Buyers pull back early; sellers, not so much

by Meg White

Image: HomeLight

When it comes to business in the age of COVID-19, buyer’s agents may be having a slower time of it than listing agents if a new survey is any indication. HomeLight, a software company that provides matching services to homebuyers, sellers and real estate agents, asked brokers what they’re seeing in terms of client reactions to the coronavirus pandemic, fluctuations in home prices and the threat of a recession.

The company polled around 600 agents across the nation in February — before the World Health Organization declared the new coronavirus outbreak to be a global pandemic — and then again in mid-March to gauge the change in sentiment. Less than half of all agents reported declines in client interest; 41% of respondents observed a decline in seller activity since the escalation of the coronavirus and 45% noted the same in buyers.

Only 22 percent of agents said they’ve seen sellers take their home off the market. While that means a majority of sellers are choosing to carry on with their plans, sales tactics have needed to change for many. Agents reported that, among the sellers who are keeping their homes on the market, 66% are taking measures to keep their home from being exposed to the virus. Thirty-two percent are halting open houses in favor of a showings-only policy, and 21% are asking buyers to wash their hands or use hand sanitizer. Nearly 20% of agents said they’ve seen an increase in the demand for virtual showings amid the coronavirus outbreak. Of course, there are some areas where local officials have asked that open houses be canceled or postponed, so there is likely a fair amount of regional differentiation in this national study.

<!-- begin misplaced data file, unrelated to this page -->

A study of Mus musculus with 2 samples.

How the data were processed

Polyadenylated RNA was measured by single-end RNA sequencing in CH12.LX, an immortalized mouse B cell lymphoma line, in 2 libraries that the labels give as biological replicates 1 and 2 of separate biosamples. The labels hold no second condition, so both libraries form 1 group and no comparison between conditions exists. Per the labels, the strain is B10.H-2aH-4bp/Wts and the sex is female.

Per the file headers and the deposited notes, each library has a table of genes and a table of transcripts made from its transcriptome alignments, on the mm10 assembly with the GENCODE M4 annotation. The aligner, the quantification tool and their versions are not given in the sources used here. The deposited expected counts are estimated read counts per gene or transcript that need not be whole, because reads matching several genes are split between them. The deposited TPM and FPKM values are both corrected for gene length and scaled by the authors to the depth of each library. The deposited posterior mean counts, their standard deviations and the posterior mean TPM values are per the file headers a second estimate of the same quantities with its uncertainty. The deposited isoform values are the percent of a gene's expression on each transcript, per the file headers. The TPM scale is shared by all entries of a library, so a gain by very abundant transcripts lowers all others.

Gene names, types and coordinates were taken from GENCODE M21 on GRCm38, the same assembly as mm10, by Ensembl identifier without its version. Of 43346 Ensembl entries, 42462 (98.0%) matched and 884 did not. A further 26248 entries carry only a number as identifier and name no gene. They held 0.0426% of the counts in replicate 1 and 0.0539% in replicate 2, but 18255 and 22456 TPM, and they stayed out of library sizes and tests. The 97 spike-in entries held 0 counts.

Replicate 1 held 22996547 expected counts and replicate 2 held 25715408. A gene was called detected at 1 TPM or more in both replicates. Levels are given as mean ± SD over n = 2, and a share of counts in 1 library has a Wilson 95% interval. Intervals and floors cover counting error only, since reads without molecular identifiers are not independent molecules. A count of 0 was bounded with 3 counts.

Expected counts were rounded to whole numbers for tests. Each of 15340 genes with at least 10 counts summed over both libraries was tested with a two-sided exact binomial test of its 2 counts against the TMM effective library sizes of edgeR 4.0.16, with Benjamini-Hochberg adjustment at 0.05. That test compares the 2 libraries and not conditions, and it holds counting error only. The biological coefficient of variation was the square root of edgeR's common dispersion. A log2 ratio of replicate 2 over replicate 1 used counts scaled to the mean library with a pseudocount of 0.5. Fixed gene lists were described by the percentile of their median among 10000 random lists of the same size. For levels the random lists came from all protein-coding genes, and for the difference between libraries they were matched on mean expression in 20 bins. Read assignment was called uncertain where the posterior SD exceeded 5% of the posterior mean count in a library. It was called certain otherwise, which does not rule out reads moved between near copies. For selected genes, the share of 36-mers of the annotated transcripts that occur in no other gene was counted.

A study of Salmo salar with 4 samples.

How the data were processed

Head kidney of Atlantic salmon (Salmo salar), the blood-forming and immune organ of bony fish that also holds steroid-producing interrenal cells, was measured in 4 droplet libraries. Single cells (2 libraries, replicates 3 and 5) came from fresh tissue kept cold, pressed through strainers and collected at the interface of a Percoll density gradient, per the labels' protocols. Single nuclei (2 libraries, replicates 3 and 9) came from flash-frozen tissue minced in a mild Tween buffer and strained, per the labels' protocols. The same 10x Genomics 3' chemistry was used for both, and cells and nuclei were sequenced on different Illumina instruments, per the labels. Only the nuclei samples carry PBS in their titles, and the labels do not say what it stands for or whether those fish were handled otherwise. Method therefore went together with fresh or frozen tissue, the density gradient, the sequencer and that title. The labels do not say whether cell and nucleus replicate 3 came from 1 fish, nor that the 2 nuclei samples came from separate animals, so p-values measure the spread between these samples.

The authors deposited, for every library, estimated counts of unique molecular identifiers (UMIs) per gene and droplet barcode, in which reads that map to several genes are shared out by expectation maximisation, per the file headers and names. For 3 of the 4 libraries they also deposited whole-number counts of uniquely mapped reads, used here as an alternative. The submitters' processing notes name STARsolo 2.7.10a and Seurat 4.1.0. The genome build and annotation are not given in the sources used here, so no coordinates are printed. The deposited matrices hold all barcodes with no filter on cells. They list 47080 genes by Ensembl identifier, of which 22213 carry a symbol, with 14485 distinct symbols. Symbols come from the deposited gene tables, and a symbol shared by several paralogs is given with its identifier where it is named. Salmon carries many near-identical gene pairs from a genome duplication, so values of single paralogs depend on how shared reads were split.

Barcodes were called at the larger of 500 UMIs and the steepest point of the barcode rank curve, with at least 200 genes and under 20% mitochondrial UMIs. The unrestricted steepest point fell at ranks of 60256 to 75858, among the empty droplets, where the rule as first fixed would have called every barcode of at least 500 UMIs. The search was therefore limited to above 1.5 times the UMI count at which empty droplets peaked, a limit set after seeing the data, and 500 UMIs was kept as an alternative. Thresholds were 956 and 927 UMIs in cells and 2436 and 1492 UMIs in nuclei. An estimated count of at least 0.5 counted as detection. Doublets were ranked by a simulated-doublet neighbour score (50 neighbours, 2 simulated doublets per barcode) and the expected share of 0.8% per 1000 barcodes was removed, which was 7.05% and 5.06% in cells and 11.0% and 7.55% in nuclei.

In contrast, buyers appear to be more likely to step away from the market at this point. Fifty-two percent of agents told HomeLight they’ve seen buyers put their home searches on hold. However, this may not have been at their brokers’ advice; the share of agents who told HomeLight that local conditions constitute a seller’s market dropped 13 percentage points over the last month, from 77% in February to 64% in March.

In February, only 5% of respondents predicted that this spring would be slower than last year. In this new poll, that number jumped to 44%. This quick swing in market perception extended to prices as well. In February, 65% of agents expected home values to grow; that number declined to 25% in March. Price decreases may in part slow down because there’s less demand from buyers. Back in February, 62% of respondents said bidding wars were on the rise. In March, that share dropped to 40%.

Though buyers appear to be dropping out of the market at a higher frequency, that does not seem to be taking the pressure off of the supply problem. In February, 73% of agents reported inventory was lower than expected; that number dipped only slightly in March to 70%.

Is a recession around the corner? Back in November, only 12% of agents told HomeLight they saw one on the horizon in 2020. In March, that number more than tripled, hitting 40%.

HomeLight COO Sumant Sridharan echoed what economists have been saying about the recession that may have already begun in response to the pandemic. “One silver lining is that the strength of the existing housing market isn’t an illusion propped up by overbuilding, pricing bubbles, and unregulated lending policies,” Sridharan said in a press release announcing the findings. “We’re better positioned to weather a storm than we were 12 years ago as far as housing is concerned.”